When I was studying theatre at Northwestern University, a man named Jay O'Callahan performed an evening of storytelling. I had never seen anything so wonderful in my life. I sat like a small child with my mouth open for almost two hours while he created the most remarkable worlds. Not a prop, not an instrument, not a costume, just him and the words. It was at that moment in my life that I thought I knew what I wanted to be when I grew up. I wanted to be a magic person.
I wanted to be the person spinning the threads and weaving them into a tapestry of unimaginable dream. I wanted to be the fascinating conduit through which images flow like water. I wanted to be completely alive and exceedingly glorious. I wanted to be so absent from my story that you could see the whole thing unfolding before your eyes, and so necessary that you would want me to tell it again and again.
That's a tall order. That's a big dream. In the last 14 years, I've realized that it isn't about the teller being magical, it is about the teller creating magic. It's about words and the way you use them. The harder I looked for magic, the more I found only words. I became an author of children's books. I made recordings. I toured all over this country, in Asia and in Europe. For all of my fancy skills and years of training, it is still about the words. It's the words that are important.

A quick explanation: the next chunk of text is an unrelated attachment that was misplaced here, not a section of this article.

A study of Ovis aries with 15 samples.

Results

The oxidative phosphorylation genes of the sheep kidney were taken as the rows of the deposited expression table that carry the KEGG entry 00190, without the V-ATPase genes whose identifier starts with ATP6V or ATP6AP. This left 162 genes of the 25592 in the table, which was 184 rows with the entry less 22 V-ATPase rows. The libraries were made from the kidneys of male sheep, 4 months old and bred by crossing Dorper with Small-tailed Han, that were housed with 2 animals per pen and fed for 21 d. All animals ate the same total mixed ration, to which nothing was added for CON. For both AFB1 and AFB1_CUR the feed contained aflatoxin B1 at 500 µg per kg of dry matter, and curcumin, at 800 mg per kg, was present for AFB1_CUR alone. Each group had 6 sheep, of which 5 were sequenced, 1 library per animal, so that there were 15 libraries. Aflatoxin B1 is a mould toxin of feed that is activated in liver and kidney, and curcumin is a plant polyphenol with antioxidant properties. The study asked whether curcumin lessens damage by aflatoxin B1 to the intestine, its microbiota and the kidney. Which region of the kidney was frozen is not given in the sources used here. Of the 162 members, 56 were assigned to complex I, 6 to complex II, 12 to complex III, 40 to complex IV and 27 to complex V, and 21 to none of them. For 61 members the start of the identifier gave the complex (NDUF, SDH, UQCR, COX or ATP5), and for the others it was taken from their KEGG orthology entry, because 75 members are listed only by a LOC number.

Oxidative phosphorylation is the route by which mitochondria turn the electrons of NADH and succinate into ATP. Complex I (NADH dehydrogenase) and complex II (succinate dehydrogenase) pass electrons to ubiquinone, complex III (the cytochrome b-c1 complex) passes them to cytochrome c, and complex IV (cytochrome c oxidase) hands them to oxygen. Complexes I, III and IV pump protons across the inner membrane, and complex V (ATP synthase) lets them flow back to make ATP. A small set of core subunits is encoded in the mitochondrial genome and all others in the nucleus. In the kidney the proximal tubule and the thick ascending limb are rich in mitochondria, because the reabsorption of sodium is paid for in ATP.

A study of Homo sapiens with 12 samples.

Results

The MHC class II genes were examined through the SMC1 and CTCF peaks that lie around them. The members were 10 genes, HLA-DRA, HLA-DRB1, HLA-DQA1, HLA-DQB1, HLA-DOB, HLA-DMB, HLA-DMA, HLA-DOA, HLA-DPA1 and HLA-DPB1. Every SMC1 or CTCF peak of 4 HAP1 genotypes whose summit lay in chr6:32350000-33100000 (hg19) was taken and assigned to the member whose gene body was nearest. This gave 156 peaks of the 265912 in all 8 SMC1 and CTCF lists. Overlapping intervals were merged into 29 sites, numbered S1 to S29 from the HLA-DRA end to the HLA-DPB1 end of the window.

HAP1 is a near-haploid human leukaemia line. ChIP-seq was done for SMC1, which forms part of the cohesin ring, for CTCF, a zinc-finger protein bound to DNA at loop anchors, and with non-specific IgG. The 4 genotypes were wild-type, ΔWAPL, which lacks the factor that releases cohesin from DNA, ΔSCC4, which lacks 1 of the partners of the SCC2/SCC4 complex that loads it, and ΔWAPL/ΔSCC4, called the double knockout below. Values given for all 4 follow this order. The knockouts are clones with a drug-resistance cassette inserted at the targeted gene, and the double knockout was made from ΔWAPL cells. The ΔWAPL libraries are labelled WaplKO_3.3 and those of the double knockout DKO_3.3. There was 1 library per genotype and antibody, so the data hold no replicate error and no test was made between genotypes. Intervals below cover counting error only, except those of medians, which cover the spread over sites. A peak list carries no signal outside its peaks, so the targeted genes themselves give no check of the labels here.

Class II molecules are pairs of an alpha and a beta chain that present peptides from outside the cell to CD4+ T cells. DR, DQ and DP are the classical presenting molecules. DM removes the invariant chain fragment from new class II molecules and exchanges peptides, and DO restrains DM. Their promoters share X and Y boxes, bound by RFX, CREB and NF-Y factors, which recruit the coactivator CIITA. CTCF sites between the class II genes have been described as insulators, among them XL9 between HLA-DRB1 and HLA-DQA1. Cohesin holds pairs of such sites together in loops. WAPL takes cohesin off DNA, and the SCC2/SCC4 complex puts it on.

If there is any magic in anything I do, it is in words. They can build things, heal wounds and bring you to a place of great joy. They can also tear things apart, cut gaping holes in your heart and bring everything to a crashing ruin. My business is words. I trade in both the spoken and written word. It is my hope that the words I choose will be the healing words, the words of hope and promise.
I have stopped trying to be a magic person. I have started striving to be a person who makes magic.